Operakällaren (Stockholm; tel. 08/676-58-00)
Opposite the Royal Palace, this deluxe restaurant has long been the standard by which the competition is judged. Still going strong after all these years, it is deservedly the most famous restaurant in Sweden -- and the best. Its French-inspired cuisine with Swedish overtones is world-class.
Paul & Norbert (Stockholm; tel. 08/663-81-83)
With only eight tables on the fashionable Strandvägen, this exclusive and innovative restaurant is set in a patrician residence dating from 1873. It's the creation of German owner Norbert Lang. In winter, the Swedish game served here is without equal in the entire country -- just try the pigeon with Calvados sauce. And you can always count on something tempting and unusual; sautéed sweetbreads in nettle sauce, anyone?
Gripsholms Värdshus Restaurant (Mariefred; tel. 0159/347-50)
If you're seeking traditional Swedish food with French overtones, this is the best dining choice on the periphery of the capital. Local game dishes, including wild grouse, are featured in autumn, and marinated salmon with a mild mustard sauce is a year-round favorite. Tastings also can be arranged in the wine cellar.
Sjömagasinet (Gothenburg; tel. 031/775-59-20)
By far the most intriguing restaurant in town, this is one of the finest places to go for seafood on the west coast of Sweden. In the western suburb of Klippan, the converted 1775 warehouse serves an array of fresh fish whose flavor never diminishes, regardless of the sauce or preparation. The fish and shellfish pot-au-feu, with a chive-flavored crème fraîche, is worth the trek.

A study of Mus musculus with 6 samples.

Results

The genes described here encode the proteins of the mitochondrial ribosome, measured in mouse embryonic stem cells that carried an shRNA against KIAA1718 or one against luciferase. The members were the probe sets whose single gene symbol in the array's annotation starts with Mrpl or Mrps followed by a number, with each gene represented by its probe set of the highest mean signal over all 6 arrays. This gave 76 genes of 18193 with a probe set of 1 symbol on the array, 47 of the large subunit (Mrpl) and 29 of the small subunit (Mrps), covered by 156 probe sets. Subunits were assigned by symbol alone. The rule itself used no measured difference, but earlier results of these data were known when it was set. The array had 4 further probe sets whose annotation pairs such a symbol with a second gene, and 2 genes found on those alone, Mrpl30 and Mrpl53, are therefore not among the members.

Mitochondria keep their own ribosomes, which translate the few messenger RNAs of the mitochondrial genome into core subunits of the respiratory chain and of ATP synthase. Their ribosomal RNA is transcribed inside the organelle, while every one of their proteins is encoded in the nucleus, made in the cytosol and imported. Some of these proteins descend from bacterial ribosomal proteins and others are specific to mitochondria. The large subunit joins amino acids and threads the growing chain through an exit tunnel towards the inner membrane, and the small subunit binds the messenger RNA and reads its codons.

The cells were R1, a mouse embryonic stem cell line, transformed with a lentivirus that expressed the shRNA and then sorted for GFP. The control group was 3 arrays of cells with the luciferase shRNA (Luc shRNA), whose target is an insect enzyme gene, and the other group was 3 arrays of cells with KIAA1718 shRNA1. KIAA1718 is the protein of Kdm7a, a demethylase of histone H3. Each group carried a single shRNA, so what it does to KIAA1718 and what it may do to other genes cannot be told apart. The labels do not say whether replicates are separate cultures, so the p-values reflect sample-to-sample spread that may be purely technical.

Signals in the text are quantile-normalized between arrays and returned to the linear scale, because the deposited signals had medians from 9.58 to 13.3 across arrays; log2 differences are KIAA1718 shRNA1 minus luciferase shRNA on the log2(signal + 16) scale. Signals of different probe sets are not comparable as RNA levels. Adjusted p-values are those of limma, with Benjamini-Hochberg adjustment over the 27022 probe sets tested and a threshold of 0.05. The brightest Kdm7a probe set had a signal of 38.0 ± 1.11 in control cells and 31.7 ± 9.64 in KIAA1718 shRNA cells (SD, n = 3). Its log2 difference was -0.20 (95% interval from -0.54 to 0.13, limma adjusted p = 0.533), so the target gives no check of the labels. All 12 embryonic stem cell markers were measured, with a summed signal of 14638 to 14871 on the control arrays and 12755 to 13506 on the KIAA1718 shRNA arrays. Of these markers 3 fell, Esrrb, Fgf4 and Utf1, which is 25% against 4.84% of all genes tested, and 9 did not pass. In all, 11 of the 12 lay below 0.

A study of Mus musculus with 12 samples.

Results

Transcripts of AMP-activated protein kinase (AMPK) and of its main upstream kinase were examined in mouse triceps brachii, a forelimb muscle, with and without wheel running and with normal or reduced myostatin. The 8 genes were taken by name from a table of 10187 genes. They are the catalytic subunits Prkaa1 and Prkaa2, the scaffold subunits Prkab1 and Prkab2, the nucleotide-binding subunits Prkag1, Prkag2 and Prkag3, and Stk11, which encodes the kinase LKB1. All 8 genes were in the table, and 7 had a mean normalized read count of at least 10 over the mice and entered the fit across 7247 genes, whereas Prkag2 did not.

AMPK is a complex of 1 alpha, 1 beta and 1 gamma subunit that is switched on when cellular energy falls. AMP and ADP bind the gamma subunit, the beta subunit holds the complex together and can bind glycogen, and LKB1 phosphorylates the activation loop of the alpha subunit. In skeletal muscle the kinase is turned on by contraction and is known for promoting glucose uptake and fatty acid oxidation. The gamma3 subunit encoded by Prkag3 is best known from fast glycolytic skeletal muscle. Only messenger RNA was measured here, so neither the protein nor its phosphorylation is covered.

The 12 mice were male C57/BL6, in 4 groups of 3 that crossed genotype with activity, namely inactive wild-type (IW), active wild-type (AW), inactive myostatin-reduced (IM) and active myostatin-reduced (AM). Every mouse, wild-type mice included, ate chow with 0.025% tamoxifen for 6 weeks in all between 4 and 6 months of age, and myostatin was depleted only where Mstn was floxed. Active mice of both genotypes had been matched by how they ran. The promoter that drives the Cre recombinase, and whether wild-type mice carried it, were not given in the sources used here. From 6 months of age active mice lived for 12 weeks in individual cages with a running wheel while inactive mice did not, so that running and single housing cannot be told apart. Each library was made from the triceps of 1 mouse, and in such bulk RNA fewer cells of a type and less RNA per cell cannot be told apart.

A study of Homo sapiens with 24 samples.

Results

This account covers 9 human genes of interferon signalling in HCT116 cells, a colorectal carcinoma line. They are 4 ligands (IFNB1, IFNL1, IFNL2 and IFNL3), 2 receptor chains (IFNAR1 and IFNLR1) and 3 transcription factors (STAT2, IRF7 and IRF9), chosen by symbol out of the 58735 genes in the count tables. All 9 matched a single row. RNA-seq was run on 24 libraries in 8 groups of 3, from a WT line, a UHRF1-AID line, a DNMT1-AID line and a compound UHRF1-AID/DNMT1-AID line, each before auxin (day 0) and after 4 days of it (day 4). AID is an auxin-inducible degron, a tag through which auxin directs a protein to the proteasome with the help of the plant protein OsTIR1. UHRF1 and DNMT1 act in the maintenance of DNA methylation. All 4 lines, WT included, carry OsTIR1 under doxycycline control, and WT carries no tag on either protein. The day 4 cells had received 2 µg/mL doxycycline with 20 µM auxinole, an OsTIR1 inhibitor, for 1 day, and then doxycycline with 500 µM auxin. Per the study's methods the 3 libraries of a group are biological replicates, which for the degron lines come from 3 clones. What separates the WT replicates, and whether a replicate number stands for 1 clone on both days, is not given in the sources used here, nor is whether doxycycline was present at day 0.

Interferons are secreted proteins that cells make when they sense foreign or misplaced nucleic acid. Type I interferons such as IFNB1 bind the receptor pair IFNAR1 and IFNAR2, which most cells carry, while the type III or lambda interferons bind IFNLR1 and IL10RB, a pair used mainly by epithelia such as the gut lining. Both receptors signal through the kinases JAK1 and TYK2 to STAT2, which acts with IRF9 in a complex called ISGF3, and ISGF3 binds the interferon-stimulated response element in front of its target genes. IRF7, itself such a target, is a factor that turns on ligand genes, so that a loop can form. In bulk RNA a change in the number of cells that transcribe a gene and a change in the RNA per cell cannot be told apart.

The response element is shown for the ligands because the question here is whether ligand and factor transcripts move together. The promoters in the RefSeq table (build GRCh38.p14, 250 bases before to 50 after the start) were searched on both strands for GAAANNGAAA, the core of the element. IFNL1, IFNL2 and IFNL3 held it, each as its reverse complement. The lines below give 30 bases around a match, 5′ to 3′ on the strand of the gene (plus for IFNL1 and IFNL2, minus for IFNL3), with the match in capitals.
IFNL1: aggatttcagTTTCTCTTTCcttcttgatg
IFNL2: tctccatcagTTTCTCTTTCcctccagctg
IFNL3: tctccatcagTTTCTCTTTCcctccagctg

Årstiderna I Kockska Huset (Malmö; tel. 040/23-09-10)
In a North German-style building from 1523, the leading restaurant of Sweden's "third city" is a bastion of good eating -- its dishes are fresh, handled with skill, and served with flair. You'll be as impressed as we were by the exceedingly good cuisine, which attracts a crowd of prime ministers, artists, and theater people alike.
Gastro (Helsingborg; tel. 042/24-34-70)
The kitchens of Sweden and France come together at this restaurant that has emerged as the best in town. Lots of fresh fish, from the straits of Helsingborg and the Baltic, appear on the menu. Many Danes cross the strait for dinner here.
Kalmar Hamn Krog (Kalmar; tel. 0480/41-10-20)
Since it opened in 1988, this international restaurant has quickly moved to the front of the line. Hailed as the best in this historic port city, it prepares reasonably priced food with flair, using only market-fresh ingredients, deftly handled by the staff. The chefs borrow freely from the world's larders, using spices or ingredients from any country where their culinary imaginations wander.
Halltorps Gästgiveri (Borgholm; tel. 0485/850-00)
On the historic Baltic island of Öland, this dining room serving Swedish food takes you back to the good old days. You can feast on the dishes beloved by your great-grandparents -- provided they came from Sweden. Herbs and vegetables come from suppliers who grow them right on the island, and the local fishers bring in their catch of the day. The place is charming and a bit stylish, and it occupies one of the oldest manor houses on the island.